A memoir might be all about you or you may not feature in it at all.
It could be a family history retold by one character of several visiting characters that walk onstage and exit left.
It could unfold as a series of vignettes — funny, tragic or an observer or with the detachment of an older player in the tableau.
As Will Rogers observed “Memoirs mean when you put down the good things you ought to have done and leave out the bad ones you did do.”
In other words, your memoir may contain elements of fiction that, in the opinion of some, myself included, a little embellishment always makes a good story infinitely better.
As you see, you have to do a lot of thinking before you decide on your own approach. It also helps enormously to do a lot of reading so you can get the hang of what you want to do and where you want to go.
Then ask yourself the question: “Who cares?” It doesn’t matter a jot if you conclude no one does. They may care a lot once you’ve finished.
Decide whether you want to say something truly nasty things about your sister-in-law especially if she still lives next door though William Zinsser offers this advice: “Don’t worry about that problem in advance. Your first job is to get your story down as you remember it—now. Don’t look over your shoulder to see what relatives are perched there. Say what you want to say, freely and honestly, and finish the job. Then take up the privacy issue. If you wrote your family history only for your family, there’s no legal or ethical need to show it to anyone else. But if you have in mind a broader audience— a mailing to friends or a possible book—you may want to show your relatives the pages in which they are mentioned. That’s a basic courtesy; nobody wants to be surprised in print. It also gives them their moment to ask you to take certain passages out—which you may or may not agree to do.” William Zinsser is such a wise man.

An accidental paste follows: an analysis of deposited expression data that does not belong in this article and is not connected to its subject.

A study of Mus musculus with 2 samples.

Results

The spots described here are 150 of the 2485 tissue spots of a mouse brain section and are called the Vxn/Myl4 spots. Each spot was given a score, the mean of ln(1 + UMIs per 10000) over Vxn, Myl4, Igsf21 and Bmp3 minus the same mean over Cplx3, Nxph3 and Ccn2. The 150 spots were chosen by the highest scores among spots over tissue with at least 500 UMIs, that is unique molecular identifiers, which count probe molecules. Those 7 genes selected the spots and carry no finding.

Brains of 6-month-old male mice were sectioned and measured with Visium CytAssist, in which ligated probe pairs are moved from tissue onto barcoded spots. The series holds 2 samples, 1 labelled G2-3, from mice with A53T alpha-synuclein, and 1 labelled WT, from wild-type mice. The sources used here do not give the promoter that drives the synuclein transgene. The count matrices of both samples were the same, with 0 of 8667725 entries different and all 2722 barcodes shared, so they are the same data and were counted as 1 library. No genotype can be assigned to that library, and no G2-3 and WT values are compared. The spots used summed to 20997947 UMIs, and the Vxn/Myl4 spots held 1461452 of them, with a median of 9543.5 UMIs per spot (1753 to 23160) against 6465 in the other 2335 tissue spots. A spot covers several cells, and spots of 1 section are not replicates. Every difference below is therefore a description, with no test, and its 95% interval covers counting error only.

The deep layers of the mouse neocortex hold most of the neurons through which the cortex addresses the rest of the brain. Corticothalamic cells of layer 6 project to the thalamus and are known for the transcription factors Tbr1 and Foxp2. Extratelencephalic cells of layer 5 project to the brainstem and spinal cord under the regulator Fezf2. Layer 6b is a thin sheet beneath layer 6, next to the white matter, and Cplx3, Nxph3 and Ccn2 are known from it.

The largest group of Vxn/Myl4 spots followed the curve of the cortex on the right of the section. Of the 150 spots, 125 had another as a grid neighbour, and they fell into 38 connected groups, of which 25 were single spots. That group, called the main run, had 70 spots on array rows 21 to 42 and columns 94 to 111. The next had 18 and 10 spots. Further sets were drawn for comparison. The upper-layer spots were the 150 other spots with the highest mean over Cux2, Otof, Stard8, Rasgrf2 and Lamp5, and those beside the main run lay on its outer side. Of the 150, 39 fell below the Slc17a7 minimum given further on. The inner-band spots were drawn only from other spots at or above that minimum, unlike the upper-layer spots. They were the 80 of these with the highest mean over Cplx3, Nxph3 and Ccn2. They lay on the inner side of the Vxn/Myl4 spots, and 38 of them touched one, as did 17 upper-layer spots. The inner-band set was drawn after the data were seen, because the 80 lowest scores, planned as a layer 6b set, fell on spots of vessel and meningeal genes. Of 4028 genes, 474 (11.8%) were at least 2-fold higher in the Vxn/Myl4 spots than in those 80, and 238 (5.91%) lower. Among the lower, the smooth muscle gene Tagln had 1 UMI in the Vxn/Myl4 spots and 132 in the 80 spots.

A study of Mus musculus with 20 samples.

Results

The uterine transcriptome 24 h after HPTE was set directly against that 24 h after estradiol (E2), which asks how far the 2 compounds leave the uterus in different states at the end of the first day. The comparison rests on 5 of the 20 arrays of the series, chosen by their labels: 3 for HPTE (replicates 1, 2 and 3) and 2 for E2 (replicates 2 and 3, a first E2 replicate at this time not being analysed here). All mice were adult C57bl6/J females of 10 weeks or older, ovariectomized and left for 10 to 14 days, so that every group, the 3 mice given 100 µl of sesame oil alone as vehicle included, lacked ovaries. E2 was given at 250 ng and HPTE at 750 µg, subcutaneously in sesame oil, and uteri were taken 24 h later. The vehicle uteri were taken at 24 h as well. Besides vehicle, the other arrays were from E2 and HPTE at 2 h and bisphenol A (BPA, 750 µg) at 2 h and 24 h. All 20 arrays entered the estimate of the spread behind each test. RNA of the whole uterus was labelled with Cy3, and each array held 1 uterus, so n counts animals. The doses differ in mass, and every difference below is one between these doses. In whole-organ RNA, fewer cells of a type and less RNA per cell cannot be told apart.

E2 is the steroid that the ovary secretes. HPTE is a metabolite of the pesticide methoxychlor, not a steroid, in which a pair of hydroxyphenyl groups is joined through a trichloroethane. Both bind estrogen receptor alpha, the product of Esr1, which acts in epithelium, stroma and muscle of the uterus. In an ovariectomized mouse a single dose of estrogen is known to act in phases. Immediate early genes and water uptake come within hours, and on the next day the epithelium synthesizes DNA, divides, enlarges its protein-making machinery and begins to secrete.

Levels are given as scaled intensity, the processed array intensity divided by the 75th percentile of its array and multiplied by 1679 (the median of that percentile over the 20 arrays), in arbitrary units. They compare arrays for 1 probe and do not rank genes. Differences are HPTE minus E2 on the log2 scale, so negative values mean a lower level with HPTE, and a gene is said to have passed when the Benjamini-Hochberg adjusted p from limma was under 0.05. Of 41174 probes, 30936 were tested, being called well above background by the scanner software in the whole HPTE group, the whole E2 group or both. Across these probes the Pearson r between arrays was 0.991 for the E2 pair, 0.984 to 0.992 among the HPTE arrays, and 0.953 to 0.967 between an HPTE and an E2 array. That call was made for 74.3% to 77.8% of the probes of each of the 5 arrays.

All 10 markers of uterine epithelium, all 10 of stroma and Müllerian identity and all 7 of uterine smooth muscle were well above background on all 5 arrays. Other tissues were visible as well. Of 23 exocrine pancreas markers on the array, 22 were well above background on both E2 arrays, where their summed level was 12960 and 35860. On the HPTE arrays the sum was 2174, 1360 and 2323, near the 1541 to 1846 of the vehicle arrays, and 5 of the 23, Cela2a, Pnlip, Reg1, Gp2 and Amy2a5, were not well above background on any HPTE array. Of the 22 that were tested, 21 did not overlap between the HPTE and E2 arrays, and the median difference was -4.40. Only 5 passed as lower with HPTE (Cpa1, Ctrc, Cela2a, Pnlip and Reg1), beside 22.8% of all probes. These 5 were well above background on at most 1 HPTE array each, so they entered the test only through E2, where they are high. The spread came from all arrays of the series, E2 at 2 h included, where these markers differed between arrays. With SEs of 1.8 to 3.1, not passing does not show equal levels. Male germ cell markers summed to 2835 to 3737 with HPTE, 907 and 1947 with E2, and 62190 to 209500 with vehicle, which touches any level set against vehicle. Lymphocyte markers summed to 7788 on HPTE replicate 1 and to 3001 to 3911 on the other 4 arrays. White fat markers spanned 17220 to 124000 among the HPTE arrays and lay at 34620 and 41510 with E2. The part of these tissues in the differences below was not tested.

For today, I’m taking the liberty of deciding this memoir will be written for you and your family. Here are the first steps to take: They are absolutely essential or, believe me, if you think you know better, you will get lost and abandon the project for ever.
- Decide, honestly, why you want to write this memoir.
- Write a 750 word précis of your idea. It will focus your thinking.
- Write a short review, imaging your memoir has already been completed. Be brutal. Many reviews are breathtakingly vicious.
- Draw sixteen little boxes, the size of Post-its® on each of several blank pages. Fill in the boxes with one word i.e. Grandmother. (You can give Grandmother several consecutive boxes.) Continue filling in the boxes in pencil) so you can erase them as you revise and change your mind.) Do this on your laptop if this is easier. They will serve as a road map and determine the approximate length of the memoir. Remember it is your outline and you can change it a little bit as new ideas pop up.
- Create a working title: this’ll also keep you focused.
- Make a realistic timetable for yourself. Commit to it. Set aside a time to write and stick to it.
- Think about including recipes. Discard that thought…it’s been done too often.
- Publish it on online and sit back and wait for the publishers to come running.